Be a Manager like Barney Stinson: Inspirational TV Heroes

3. 18. 2016

Who would not want Barney Stinson's dream job in "How I Met Your Mother"? Thanks to this womanizer, the phrase "Suit up!" quickly became famous. Conversely, Stuart Bloom, owner of the comic store in the popular "Big Bang Theory", is a rather deterrent example. Sitcom characters affect us more than we admit, they become familiar to us and we commonly refer to them in everyday life. What kinds of heroes with leadership skills are really worth emulating?

A TV series can win millions of fans worldwide because it offers viewers a short viewing time, a digestible storyline and characters with whom they can identify with. Some types of heroes are funny, others motivate us and there is often a bit of both. Stinson's formula for success is not applicable to entertainment after work or a way to soak up spoken English. We may regard Stinson creativity as an inspiration for managerial skills.

Whizz Manager: Barney Stinson

Barney has become an icon for contemporary 20- and 30-year-olds. Even his closest Neil Patrick Harris (Barney Stinson)friends in the series "How I Met Your Mother" have no idea what he actually does in the multinational bank. Judging by his expensive suits and elegant apartment containing purely masculine gadgets, it can be assumed that he lives the high life. He abounds with self-confidence and subordinates adore him. He knows no obstacles; every situation is a challenge to him. He plunges headlong into everything and often succeeds. And if not, he does not become depressed. His good mood, his catch phrases "challenge accepted", "high five!" and "suit up" are "legen ... wait ... dary!"

How many young managers like Barney are in charge of companies that despite being energetic are self-satisfied and dismissive of their employees? Barney knows that he will not remain permanently in the company and so he has no career ambitions. Otherwise, he would probably tame his passions and respect his work responsibilities more than his amorous adventures.

Jen Barber: The Team is Important!

A character from "The IT Crowd" TV sitcom depicts many stereotypical images of women. The female boss does not understand the IT industry at all, yet she manages a couple of antisocial "IT geeks". And she is doing fine. She is sociable, empathetic and versed in dealing with crisis situations, which are skills that the staff of her IT department lacks. She knows nothing about computers ("If you type 'Google' into Google, you can break the Internet, so please no one try it"), but this does not prevent her from successfully managing a disparate team of oddballs.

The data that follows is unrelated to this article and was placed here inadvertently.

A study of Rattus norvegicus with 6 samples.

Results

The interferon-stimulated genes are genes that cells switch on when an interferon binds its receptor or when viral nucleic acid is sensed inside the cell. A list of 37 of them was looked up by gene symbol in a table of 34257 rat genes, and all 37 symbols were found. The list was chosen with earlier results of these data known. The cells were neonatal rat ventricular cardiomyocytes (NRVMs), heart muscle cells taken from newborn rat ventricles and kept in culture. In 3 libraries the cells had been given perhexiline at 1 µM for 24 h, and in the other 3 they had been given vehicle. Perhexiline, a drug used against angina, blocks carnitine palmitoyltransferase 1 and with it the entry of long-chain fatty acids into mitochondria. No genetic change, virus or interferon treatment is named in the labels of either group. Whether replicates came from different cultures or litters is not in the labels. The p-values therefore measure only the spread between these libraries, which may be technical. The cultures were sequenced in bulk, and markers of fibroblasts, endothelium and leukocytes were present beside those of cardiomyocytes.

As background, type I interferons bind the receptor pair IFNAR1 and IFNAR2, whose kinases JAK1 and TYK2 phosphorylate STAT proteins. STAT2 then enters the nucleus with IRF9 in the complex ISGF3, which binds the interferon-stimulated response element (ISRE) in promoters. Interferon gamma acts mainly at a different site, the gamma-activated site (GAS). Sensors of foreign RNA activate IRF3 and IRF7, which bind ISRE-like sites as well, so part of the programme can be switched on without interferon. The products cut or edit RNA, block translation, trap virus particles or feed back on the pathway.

She is a highly regarded Manager for several reasons. She gets along well with everybody and cements the group. She is able to adapt to the atmosphere, the company management, and crisis situations. At first glance, her weakness might seem to be that she is completely lost in any expert discussion. But even then, she can react quickly and puts on a good act. After all, she has people to do the actual work.

Rachel Green: Hobby as a Job

Our list cannot ignore the famous American sitcom, "Friends", and the character of Rachel. Her story is inspirational to all young people who know what they want and go for it. As a spoiled young girl, she left her husband-to-be, renouncing financial security and Dad's credit cards. She put on a waitress's apron for her first earnings. But all the time, she was seeking a career in the fashion industry. As a clothing saleswoman, she endured the quirks of customers. In each position, she advanced to finally become Executive Manager of a famous fashion house.

Rachel is the type of boss who has climbed up through the entire hierarchy of professions in the pursuit of her dream. Therefore, she is perfectly acquainted with the workload of her subordinates and can assess their abilities. Rachel's co-workers like and respect her for her devotion to duty.

Resigned Stuart Bloom

Stuart of "The Big Bang Theory" is the opposite of a "role model". He owns a comic book store, where he is close to his beloved superheroes every day. His clientele is very narrow, and he does not even feel the need to exert an effort for expansion. He is constantly complaining about his boring life, which he contrasts with the colorful world of the stories that he sells. Eternally depressed, Stuart is an entrepreneur who awaits his end, is not going anywhere and is merely surviving. Would you trust him as a supplier of products? If the Manager himself lacks enthusiasm and motivation, he can hardly expect it from his colleagues and employees.

What fictional characters inspire you, or conversely discourage you?